Marie Stopes International nurse Eve Chirengwa shows a client a contraceptive implant during a group counselling session.

The Trumped Up Gag Rule and Women's Health

A Q&A with MSI’s Marjorie Newman-Williams

One of US President Trump’s first moves in office was signing an Executive Order to bring back the Mexico City Policy, also known as the Global Gag Rule. The policy bars non-US organizations overseas from receiving any US funding if they provide counsel or discuss abortion as an option for women—even if those services are paid for with separate funds. (US funding for abortions overseas has already been prohibited under the 1973 Helms Amendment.)

Trump took the gag rule a step further: he expanded it vastly, to include not just family planning organizations, but all global health organizations that receive US funds—ultimately impacting an estimated $9.5 billion in aid (PAI). Several organizations, including Marie Stopes International, have made the difficult decision to not accept US funds as a result. GHN’s Dayna Kerecman Myers reached out to Marjorie Newman-Williams, vice-president and director of International Operations at Marie Stopes International for an update.

What will the return of the global gag rule mean for the health of women? Have studies during the gag rule years shown an increase in maternal mortality?

We are deeply concerned about the impact the Mexico City Policy will have on the health of women and girls in the developing world.

A 2011 WHO study found that abortion rates in sub-Saharan African countries increased while the Mexico City Policy was in force under President George W. Bush. The impact of its re-enactment today will be no less devastating, seriously reducing the impact of US development assistance for family planning in some of the world’s poorest countries. We estimate, over the next 4 years, the loss of our USAID-funded services alone will lead to 6.5 million unplanned pregnancies, 2.2 million abortions, and 21,700 maternal deaths.

As a health care provider Marie Stopes International knows that safe abortion is a vital component of women’s reproductive health care. A woman who doesn’t want the pregnancy will go to any lengths to end it. Putting greater obstacles in her path only makes her decision more dangerous.

Will the Dutch proposal for a fund to counter the impact of the policy succeed? Did similar measures filled the gaps back in 2001?

It was heartening that the Dutch government spoke up so swiftly about the need for urgent funding to mitigate the impact of the policy. In 2001, we saw a number of European governments step up their commitments, but we also know aid budgets today are under unprecedented pressure from the challenges of the 21st century. So we can take nothing for granted.

Beyond simply re-instating the policy, Trump has broadly expanded it, affecting all international organizations receiving US funds for health programs—not just family planning. What will this mean on the ground for MSI and other organizations?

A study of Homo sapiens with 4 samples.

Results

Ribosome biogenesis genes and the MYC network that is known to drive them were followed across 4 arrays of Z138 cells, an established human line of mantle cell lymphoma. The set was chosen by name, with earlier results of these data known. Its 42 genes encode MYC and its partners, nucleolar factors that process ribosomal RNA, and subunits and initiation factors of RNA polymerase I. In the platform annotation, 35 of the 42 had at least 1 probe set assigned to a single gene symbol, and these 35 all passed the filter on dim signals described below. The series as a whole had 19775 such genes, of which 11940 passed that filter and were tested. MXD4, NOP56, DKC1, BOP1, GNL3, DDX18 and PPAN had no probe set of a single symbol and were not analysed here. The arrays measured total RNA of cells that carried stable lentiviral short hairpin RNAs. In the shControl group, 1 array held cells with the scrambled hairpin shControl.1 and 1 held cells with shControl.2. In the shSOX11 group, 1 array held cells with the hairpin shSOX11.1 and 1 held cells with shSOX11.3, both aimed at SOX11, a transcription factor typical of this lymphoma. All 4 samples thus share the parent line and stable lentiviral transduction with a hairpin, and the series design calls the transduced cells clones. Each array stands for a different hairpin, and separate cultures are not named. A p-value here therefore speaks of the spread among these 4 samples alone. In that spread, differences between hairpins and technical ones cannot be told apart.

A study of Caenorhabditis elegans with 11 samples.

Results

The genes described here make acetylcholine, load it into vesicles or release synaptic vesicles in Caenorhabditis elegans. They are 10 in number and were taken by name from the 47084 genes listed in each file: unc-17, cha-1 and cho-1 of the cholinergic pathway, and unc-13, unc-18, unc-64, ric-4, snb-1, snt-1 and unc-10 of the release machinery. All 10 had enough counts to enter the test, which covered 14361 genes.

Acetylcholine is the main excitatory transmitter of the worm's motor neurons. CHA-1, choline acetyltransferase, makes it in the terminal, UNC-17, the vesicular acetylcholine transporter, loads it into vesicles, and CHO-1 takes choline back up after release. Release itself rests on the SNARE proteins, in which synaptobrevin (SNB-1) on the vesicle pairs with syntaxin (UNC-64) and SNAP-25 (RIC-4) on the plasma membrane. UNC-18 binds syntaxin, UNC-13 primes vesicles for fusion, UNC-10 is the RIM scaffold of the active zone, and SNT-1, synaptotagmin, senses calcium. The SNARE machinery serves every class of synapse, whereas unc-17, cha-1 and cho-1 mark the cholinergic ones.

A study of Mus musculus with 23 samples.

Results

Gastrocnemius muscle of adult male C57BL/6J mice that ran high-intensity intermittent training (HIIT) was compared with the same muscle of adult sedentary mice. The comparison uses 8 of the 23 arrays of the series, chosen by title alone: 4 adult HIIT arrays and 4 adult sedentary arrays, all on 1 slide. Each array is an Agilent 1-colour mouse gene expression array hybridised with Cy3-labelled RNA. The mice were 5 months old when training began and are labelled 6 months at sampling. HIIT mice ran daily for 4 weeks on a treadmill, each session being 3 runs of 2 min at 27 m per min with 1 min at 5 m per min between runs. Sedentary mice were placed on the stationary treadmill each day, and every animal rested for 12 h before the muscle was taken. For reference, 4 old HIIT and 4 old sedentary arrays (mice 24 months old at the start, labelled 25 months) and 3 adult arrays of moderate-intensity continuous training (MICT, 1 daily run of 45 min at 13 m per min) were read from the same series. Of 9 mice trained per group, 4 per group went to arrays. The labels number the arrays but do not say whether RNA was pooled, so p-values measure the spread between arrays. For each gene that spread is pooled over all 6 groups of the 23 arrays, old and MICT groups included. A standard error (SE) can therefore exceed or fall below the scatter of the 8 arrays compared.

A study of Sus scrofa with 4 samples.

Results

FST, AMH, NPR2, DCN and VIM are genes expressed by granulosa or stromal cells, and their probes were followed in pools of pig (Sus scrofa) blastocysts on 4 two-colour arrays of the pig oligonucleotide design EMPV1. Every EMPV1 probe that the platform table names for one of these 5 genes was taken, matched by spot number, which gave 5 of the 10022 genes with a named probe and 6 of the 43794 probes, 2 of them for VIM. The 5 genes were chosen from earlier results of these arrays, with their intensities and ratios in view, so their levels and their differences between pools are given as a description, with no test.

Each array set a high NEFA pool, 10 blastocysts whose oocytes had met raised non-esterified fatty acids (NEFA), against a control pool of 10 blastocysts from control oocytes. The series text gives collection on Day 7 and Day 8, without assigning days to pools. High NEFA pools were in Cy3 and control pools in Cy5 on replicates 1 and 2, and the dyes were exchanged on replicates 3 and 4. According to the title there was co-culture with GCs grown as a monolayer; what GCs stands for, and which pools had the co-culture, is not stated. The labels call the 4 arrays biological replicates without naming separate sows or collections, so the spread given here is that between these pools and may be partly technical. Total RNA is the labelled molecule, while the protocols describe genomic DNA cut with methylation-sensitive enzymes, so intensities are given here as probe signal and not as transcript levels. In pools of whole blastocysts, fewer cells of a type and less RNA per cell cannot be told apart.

This is the largest expansion of the terms of the Mexico City Policy to date, and many organisations will be trying to get to grips with what it means for them. One thing we know is that no global health organisations receiving US Ggovernment funding, whether for HIV prevention, malaria or TB, will even be able to tell a woman whether or not abortion is legal in her country.

Aside from the serious implications the Mexico City Policy has for women’s health globally, it is likely to cause huge confusion about referring women who have had an unsafe abortion for life-saving medical treatment, something that is legal in 179 countries worldwide. As many as 44,000 women die each year as the result of an unsafe abortion, and we are deeply concerned that this policy will increase that number.

Which countries with MSI programs are most vulnerable to the effects of this policy? 

We will be doing everything we can to safeguard vital services for women and girls. However, as USAID funding accounts for 17% of our donor income, it’s inevitable that some services will need to be scaled back.

One of the most valuable achievements of our partnership with USAID has been expanding our outreach work: teams of nurses who bring contraceptive services to women who would otherwise have no access, either because they live in remote areas or are in extreme poverty. The loss of these services will be felt most keenly by women and girls from the most vulnerable groups.

Are NGOs optimistic that specific programs, like the President’s Emergency Plan for AIDS Relief, or PEPFAR, might be exempted, as former US President George W. Bush directed back in 2001? 

This new expanded version of the policy is clear: any non-US organisation working in global health—whether HIV prevention, TB or malaria—must agree to its terms or be prohibited from receiving USAID funding. There has been no announcement on any exemptions to this. We can stay hopeful, but at this stage we would be hoping for a miracle.